Angkor Wat was built by King Suryavarman ll, a devout but bloodthirsty, teenager who came into power by murdering his great uncle, while riding an elephant. Suryavarman ll revered Vishnu, a deity associated with protection and built the temple in his honour (maybe his uncle should have paid more homage). The literal translation of Angkor Wat is ‘Temple City’. Built in approximately 1113 to 1150, Angkor was the capital of the Khmer empire and the largest city in the world until the industrial revolution, boasting hundreds of temples and over 1,000,000 inhabitants. Imagine, all ruled by a homocidal teenager!
My first impression of Angkor Wat in Cambodia was its imposing grandeur. A large stone walkway crosses a 190 meter wide moat to the main entrance.
The five towers recreate the earthly image of Mount Meru, the abode of ancient Gods beyond the Himalayas, as told in Hindu mythology. Inside and up close, 3000 luscious heavenly nymphs, each unique, are carved into the rock and don’t even begin to represent the fascinating decorative design found throughout the fascinating ruins.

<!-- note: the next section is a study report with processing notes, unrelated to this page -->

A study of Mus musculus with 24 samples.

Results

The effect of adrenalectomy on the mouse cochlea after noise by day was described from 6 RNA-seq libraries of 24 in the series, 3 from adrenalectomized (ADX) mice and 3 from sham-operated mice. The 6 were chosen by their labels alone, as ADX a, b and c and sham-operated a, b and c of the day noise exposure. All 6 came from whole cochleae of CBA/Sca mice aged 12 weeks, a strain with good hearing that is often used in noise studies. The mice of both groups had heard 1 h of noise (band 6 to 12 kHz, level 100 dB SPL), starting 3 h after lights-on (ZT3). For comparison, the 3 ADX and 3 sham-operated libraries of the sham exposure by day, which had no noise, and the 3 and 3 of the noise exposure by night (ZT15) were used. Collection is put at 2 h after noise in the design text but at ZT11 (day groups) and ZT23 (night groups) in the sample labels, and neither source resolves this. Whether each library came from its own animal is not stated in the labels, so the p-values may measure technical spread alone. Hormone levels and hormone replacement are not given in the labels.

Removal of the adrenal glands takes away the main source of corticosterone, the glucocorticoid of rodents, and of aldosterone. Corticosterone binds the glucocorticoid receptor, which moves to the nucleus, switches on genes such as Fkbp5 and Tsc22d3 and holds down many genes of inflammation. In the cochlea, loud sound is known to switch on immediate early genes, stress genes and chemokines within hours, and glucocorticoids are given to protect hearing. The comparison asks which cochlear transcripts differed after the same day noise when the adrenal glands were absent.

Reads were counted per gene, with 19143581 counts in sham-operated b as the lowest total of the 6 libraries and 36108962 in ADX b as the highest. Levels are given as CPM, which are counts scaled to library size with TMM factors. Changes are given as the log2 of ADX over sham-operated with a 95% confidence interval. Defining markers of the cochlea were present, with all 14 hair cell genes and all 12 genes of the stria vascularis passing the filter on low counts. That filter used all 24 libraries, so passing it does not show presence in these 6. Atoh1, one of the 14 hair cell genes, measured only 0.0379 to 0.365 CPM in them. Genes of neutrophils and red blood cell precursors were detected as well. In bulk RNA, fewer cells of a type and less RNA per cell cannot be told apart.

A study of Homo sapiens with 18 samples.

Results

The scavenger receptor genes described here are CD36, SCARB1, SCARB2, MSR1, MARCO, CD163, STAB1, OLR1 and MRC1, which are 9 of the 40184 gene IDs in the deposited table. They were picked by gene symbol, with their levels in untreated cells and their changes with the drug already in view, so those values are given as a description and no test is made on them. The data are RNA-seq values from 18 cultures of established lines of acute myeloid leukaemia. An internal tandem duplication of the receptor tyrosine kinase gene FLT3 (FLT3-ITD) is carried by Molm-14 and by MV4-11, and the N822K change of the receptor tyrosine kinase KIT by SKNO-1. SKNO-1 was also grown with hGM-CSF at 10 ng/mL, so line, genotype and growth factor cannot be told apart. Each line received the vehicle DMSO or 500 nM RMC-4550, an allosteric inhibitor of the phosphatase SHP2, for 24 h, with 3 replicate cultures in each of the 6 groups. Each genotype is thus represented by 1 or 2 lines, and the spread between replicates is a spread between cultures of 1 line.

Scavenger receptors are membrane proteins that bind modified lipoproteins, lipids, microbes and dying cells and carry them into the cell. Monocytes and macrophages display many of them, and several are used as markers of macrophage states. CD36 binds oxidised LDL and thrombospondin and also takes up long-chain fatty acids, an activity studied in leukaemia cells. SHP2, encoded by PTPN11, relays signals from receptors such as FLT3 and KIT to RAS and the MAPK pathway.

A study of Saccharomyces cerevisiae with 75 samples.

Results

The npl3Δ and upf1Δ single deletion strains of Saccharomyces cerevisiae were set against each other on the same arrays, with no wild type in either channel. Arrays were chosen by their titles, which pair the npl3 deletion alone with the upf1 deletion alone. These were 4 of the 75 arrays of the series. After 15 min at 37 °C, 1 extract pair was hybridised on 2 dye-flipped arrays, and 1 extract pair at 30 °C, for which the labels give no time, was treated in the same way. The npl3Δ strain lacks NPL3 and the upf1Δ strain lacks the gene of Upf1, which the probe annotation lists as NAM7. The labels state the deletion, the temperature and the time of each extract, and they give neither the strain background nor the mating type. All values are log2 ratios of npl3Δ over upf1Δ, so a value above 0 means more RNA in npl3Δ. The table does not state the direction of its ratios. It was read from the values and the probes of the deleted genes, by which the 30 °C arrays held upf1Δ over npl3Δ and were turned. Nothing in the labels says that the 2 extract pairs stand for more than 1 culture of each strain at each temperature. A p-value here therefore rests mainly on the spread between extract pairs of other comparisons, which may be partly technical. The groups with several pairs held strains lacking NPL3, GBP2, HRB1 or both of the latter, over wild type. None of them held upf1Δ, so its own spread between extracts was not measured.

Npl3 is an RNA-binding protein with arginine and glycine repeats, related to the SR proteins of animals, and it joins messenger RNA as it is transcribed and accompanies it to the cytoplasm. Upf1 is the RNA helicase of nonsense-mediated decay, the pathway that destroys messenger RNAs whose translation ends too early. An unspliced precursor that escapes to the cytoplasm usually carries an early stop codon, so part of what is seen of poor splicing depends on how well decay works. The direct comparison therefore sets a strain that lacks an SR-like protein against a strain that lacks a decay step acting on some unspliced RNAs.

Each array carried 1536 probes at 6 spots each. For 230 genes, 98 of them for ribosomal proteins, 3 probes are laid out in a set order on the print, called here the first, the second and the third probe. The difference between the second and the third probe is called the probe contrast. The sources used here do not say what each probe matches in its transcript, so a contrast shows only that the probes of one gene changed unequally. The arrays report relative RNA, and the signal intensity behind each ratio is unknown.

Stretching along the outside walls of the central temple are 800 plus meters of intricate bas-reliefs depicting stories of historical events and ancient mythology with exquisite detail. The most famous is called ‘The Churning of the Milk’ and depicts the Hindu story of creation where the devas (gods) and the asuris (demons) churned the ocean under the head of Vishnu to produce the divine elixir of immortality
Taphrum Temple was my favourite. I imagined what it would be like to make the actual discovery, to just stumble onto a lost temple of such magnitude. I wandered around the enormous roots snaking out of the rock and marvelled how a place can be so completely reclaimed by the jungle. I later found out that Taphrum Temple was the film site of the movie, ‘Tomb Raiders’ with Angelina Jolie. I’m not surprised – what a backdrop!